Earthquakes update

Tsunami warning for Vanuatu and New Caledonia after 7.6 magnitude earthquake

Blog note:

… And great earthquakes shall be in diverse places, and famines, and pestilences; and fearful sights and great signs shall there be from heaven. (Luke 21:11).

… And there shall be signs in the sun, and in the moon, and in the stars; and upon the earth distress of nations, with perplexity; the sea and the waves roaring; (Luke 21:25)

… Men’s hearts failing them for fear, and for looking after those things which are coming on the earth: for the powers of heaven shall be shaken; (Luke 21:26)

… This know also, that in the last days perilous times shall come. (2 Timothy 3:1)

Jesus is giving a series of prophecies about what to look for as the age of grace comes to a close. These verses are several of many such prophecies from throughout the Bible. 2017 was the worst year in recorded history for the intensity, frequency, severity, duration and occurrence of a large number of severe natural disasters worldwide. Earthquakes, volcanoes, hurricanes, typhoons, cyclones, torrential flooding, unprecedented wildfires in unusual places, devastating droughts, excessive/scorching heat setting records everywhere, record snowfalls in Europe and Russia. Snow in the Arabia. This list can go on. Most studied Eschatologists believe these ‘fearful sights’ and massive natural disasters are all part of the ‘CONVERGENCE’ of signs that this Biblical and prophetic age is closing. Most people who study prophecy are familiar with the routine reference(s) made that these things will be like a woman having labor pains that occur in greater severity, frequency, size and duration prior to giving birth. End of note.

 Tsunami warning for Vanuatu and New Caledonia after 7.6 magnitude earthquake

Authorities order the ‘immediate evacuation’ of people to refuge areas, saying tsunami waves could reach up to three metres.

Wed 5 Dec 2018 04.58 GMT. The Guardian.

A tsunami warning has been issued for the Pacific island of New Caledonia, after a shallow 7.6-magnitude earthquake struck off the country’s coast, prompting warnings that hazardous tsunami waves up to three metres high could reach New Caledonia and Vanuatu.

The earthquake was a shallow 10km (6 miles) deep and occurred about 155km (95 miles) southeast of the Loyalty Islands, which are part of New Caledonia, a French territory, on Wednesday afternoon local time.

“Based on the preliminary earthquake parameters, hazardous tsunami waves are possible for coasts located within 1,000km of the earthquake epicenter,” warned the Pacific Tsunami Warning Center (PTWC), saying waves could reach between one and three metres high.

Earthquakes are generally more destructive when the epicenter is near the surface, however there were no initial reports of damage or destructive waves.

The New Caledonian high commission initially issued a tsunami warning for all of New Caledonia, ordering the “immediate evacuation” of people to refuge areas and the “application of safety instructions”, with residents being alerted by urgent text message, which instructed them to go to refuges.

“If you don’t have time to prepare your evacuation, get more than 300m away from the coast and/or get to a height of more than 12m,” warned the Directorate for Civil Protection and Risk Management of New Caledonia (DSCGR).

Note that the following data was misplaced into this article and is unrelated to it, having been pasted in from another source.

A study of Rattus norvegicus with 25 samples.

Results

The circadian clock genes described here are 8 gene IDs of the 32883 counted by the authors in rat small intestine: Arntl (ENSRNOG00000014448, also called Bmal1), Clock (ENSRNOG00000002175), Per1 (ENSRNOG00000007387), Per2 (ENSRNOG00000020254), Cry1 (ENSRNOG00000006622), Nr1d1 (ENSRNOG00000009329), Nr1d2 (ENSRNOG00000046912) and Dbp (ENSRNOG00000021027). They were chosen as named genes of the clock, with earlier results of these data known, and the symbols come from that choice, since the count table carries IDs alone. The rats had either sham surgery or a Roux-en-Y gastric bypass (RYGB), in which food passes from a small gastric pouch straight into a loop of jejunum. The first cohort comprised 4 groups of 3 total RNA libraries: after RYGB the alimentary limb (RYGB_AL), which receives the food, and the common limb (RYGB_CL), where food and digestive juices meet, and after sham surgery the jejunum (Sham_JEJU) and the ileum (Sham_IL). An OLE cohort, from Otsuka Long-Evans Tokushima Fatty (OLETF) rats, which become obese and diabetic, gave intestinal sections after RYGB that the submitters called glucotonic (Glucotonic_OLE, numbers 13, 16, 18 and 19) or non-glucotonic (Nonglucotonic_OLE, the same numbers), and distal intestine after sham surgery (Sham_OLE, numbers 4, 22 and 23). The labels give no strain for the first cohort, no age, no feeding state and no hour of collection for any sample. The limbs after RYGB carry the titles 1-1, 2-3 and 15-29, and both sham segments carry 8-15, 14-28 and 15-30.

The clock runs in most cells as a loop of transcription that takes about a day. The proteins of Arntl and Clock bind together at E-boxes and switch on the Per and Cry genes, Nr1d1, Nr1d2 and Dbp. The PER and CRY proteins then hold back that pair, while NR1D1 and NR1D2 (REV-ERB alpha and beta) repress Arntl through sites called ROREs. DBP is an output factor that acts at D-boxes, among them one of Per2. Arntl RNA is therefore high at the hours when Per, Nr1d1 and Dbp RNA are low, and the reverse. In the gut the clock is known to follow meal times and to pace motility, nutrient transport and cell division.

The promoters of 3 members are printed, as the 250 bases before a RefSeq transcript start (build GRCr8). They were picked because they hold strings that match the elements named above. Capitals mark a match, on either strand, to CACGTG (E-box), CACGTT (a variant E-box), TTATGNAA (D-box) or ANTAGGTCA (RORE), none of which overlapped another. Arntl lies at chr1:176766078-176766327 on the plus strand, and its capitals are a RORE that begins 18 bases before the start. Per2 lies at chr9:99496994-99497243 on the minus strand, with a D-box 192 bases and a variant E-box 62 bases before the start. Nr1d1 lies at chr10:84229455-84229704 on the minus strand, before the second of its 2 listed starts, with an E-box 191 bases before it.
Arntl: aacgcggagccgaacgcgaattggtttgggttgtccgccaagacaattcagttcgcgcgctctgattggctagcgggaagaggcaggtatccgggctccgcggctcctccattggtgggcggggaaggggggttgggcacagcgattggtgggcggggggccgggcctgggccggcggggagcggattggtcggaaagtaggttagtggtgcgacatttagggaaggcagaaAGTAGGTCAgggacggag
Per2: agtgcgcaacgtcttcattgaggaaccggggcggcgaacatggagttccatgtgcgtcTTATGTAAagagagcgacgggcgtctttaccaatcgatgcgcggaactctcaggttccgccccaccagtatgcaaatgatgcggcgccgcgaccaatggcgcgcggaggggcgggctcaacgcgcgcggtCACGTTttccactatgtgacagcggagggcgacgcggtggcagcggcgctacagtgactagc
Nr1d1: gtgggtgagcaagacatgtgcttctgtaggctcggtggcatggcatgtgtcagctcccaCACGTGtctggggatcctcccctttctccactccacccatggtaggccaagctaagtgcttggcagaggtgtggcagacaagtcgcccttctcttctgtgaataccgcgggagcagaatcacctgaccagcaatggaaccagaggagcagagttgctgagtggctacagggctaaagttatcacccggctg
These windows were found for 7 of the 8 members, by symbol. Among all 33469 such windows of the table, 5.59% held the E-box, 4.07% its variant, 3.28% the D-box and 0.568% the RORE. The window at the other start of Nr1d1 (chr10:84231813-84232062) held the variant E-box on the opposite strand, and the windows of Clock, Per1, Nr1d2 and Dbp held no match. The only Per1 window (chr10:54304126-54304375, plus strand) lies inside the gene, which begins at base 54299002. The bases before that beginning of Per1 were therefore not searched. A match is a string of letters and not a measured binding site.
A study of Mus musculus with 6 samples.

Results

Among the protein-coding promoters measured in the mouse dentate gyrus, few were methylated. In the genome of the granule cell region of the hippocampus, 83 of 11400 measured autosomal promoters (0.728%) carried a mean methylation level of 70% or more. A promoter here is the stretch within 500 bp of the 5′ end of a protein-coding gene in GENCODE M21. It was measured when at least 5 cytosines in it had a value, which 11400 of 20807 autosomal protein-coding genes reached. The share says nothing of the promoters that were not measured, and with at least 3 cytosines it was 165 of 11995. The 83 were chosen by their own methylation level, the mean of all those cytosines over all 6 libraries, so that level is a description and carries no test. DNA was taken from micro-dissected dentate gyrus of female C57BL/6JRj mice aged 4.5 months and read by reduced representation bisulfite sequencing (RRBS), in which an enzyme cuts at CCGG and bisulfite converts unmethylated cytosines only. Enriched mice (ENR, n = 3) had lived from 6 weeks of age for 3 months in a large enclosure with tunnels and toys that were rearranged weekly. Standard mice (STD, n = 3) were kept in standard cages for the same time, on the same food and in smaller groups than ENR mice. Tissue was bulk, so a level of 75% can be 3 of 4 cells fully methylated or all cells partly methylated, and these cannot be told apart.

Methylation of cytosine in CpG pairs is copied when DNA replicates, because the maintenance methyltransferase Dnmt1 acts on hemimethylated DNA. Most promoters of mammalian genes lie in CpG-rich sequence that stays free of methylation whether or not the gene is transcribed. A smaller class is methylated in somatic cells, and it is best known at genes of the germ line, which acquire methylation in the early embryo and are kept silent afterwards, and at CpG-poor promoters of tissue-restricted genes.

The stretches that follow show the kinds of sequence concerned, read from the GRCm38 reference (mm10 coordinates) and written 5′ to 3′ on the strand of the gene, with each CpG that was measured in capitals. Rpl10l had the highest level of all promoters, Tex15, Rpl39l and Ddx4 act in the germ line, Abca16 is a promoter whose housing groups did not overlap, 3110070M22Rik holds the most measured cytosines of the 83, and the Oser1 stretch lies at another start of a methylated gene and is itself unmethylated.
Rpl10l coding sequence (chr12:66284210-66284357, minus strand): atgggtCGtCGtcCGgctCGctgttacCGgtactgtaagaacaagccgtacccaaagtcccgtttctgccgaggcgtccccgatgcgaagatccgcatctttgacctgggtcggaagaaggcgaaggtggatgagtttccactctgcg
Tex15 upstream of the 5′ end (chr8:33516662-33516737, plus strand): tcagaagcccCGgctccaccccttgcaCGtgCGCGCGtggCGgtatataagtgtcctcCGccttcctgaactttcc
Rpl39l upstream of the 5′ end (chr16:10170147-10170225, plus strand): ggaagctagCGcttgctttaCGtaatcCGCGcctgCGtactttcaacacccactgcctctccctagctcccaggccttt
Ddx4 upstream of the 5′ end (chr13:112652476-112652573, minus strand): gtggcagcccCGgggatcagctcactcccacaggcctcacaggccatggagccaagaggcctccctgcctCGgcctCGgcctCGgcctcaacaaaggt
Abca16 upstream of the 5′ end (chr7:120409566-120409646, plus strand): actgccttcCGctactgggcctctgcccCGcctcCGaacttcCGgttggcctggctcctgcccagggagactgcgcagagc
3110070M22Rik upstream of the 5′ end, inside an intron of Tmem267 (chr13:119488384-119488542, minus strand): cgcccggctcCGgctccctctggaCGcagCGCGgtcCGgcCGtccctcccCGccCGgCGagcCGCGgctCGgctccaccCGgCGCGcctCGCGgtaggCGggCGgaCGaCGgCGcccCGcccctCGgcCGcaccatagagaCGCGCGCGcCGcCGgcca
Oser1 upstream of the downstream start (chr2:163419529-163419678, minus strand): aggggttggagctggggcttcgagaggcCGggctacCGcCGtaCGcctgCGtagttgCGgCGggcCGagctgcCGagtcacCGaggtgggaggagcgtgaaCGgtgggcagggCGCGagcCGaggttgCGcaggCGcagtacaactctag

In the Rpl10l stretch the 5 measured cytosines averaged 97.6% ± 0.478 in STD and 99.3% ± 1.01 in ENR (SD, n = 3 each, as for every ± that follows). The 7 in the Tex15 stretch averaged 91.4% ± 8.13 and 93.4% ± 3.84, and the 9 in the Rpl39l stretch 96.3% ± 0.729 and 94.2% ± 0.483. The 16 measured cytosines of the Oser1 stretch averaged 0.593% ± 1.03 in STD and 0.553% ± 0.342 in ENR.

“We activated the alert sirens… along the east coast and all the Loyalty Islands,” Eric Backes, director of the islands’ civil defence authority, told local radio.

“People should move away from the coastline and to higher ground or go to the evacuation points set up in each commune.”

The DSCGR warned people not to use their vehicles, told them to leave their children at school where they would be taken care of by teachers and not to clog the telephone lines.

The DSCGR later downgraded the warning, saying evacuation was not required for the west coast of the country, in particular Noumea, the capital. But they warned residents to “remain vigilant over the entire coastal strip due to possible abnormal sea level movements”.

At 5:45pm local time, they said “sea movements” were expected for three hours until 8:45pm, and that the end of the alert would be announced by sirens.

Basile Citre, a municipal official on the Loyalty Island of Mare, said the situation there was so far under control.

“I was in a meeting at the town hall and we felt a small tremor then a bigger one,” he told AFP.

“The building shook, but there was no damage. When the sirens sounded, the population headed for higher ground for safety. For now, nothing serious has happened.”

The PTWC said initial tsunami waves could arrive between 4:42pm UTC and 5:39pm UTC but warned that the actual arrival time of the wave could differ from this and warned that “a tsunami is a series of waves and the time between waves can be five minutes to one hour” and that the initial wave may not be the largest and most dangerous in the series.

New Zealand authorities issued a tsunami warning after the quake, but that was quickly rescinded.

A spokesman for the Vanuatu Geohazards Observatory said the sparsely populated island of Tanna was expected to be most affected part of the country but no evacuations had been ordered.

“There are no sirens on Tanna but the people on the island are familiar with these situations and they will have taken precautions and gone to higher ground,” he told AFP.

There were no immediate reports of damage from the initial earthquake and according to the US Geological Survey modelling, damage from the quake is expected to be minimal in terms of loss of life.

Waves reaching 0.3m to 1m above tide level could reach some coasts of Fiji, warned the PTWC.

The PTWC said government agencies should inform coastal populations who are at risk, in line with their procedures and told people located in threatened coastal areas to “stay alert for information”.